Testing for Lupus: Complete Blood Count
A complete blood count or CBC is one of several diagnostic tools available to your physician to help her make a diagnosis.
Keeping Track of Your Medical History
Your medical history is your personal record of health information including your close relatives. It is important to maintain because family members share many common traits, physically and socially, including genes, environment, diet and lifestyle.
Genetic counseling may be something you are considering if a family member has lupus. Considering that women with lupus have a 10 percent chance of having a daughter with lupus, a 2 percent chance of having a son with lupus, and a 50 percent chance that her children with have a positive ANA, there might be reason to wonder.
Testing for Lupus
Testing for lupus, or more formally systemic lupus erythamatosus, is often done through a series of laboratory tests, or screening tests, that help a doctor begin to formulate an diagnosis.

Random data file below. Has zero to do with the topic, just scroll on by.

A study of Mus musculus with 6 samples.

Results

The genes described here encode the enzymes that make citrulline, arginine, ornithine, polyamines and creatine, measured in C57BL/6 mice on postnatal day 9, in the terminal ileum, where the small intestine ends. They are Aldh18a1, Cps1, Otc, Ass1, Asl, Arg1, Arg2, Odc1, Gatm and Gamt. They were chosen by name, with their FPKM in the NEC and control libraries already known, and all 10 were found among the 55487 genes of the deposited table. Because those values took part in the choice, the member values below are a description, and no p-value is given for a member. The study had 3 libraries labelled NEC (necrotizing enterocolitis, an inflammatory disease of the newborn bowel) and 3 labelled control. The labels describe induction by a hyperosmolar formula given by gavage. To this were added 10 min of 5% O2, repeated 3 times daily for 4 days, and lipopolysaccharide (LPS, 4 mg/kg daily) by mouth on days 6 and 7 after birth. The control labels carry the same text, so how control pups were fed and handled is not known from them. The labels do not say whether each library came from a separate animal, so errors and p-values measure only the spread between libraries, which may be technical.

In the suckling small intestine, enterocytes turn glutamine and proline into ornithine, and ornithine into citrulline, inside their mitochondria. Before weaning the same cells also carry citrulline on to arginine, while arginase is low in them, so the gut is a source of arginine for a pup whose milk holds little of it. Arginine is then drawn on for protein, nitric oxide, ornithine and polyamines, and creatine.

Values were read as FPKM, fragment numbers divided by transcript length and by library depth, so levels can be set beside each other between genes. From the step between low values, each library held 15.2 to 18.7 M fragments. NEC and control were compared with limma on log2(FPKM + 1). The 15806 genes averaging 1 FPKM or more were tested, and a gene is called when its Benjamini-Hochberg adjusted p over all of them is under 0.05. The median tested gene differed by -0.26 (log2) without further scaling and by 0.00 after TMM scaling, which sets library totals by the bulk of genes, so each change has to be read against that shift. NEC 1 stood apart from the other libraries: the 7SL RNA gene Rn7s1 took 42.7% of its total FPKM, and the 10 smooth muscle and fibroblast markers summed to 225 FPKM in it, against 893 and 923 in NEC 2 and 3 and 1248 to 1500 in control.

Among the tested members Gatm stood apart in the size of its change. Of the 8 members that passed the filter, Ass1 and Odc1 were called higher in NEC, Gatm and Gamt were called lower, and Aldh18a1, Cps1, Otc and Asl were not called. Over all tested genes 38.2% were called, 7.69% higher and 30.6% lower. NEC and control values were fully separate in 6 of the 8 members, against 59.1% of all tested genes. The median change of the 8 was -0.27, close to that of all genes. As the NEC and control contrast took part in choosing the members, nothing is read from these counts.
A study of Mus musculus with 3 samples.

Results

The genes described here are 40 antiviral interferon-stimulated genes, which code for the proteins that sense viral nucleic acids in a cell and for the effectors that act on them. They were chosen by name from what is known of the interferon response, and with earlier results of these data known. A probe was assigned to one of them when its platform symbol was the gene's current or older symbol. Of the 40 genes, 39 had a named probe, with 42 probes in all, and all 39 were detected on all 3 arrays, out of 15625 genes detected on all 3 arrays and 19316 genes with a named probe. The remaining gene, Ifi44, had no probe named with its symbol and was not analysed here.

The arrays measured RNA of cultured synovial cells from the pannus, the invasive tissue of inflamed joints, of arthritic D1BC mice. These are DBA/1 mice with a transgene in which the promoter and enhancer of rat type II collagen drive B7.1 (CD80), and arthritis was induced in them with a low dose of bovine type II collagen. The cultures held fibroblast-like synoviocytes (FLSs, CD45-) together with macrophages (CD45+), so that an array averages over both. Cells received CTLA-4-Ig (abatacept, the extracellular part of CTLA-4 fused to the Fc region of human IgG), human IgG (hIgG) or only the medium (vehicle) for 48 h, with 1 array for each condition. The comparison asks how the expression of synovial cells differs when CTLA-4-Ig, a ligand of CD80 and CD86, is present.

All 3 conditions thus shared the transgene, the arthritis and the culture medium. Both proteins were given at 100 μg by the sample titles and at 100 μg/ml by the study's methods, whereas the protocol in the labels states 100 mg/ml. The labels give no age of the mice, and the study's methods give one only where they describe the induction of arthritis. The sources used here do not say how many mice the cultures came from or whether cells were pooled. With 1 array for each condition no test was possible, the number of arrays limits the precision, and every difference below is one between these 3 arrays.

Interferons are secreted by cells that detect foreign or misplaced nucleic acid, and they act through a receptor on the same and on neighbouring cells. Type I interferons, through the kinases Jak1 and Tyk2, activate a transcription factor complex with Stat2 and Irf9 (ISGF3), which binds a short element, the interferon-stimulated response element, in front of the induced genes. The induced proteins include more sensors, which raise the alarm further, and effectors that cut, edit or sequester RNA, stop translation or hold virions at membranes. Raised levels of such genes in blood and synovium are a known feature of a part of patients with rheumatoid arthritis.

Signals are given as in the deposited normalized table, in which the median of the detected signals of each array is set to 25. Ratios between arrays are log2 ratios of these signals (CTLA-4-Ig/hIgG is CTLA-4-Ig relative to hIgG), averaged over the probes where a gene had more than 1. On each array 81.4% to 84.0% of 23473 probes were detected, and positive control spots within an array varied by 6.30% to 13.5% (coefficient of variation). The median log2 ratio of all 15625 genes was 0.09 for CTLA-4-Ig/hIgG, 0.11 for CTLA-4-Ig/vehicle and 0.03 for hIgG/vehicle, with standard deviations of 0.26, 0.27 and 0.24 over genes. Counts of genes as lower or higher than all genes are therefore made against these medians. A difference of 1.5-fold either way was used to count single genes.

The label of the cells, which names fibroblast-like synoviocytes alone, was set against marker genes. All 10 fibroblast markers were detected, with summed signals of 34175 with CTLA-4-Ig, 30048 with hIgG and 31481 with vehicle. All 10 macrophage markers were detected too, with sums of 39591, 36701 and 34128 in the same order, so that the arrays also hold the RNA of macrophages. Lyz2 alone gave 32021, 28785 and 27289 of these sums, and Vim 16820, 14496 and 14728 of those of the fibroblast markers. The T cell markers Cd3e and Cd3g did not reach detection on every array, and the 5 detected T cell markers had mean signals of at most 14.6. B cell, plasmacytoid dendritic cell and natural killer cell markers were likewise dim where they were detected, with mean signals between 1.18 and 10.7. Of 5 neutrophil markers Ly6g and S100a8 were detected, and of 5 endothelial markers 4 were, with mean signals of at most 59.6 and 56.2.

Diagnosing lupus can be tricky, as symptoms of the disease can be mild or severe, come in a wide variety, and mimic those of other diseases. But there are telltale signs that a doctor can use when suspecting the disease, and more complex methodologies to determine if a patient has lupus.
Is it Lupus? What You Can Look For
Since diagnosing lupus can be a difficult task, even for healthcare professionals, it is important to know when typical signs and symptoms add up and point toward lupus as the cause. Here you’ll find the usual suspects when it comes to symptoms – and questions to ask yourself to help determine if you could be a lupus candidate.
Lupus Diagnosis: Anti-Nuclear Antibody (ANA) Test
One of the most common tests used by physicians to help diagnose lupus is the anti-nuclear antibody (ANA) blood test.
Lupus Diagnosis Autoantibodies
One of the most common tests used by physicians to help diagnose lupus are blood tests to uncover autoantibodies like anti-DNA, anti-SM, and anti-RNP.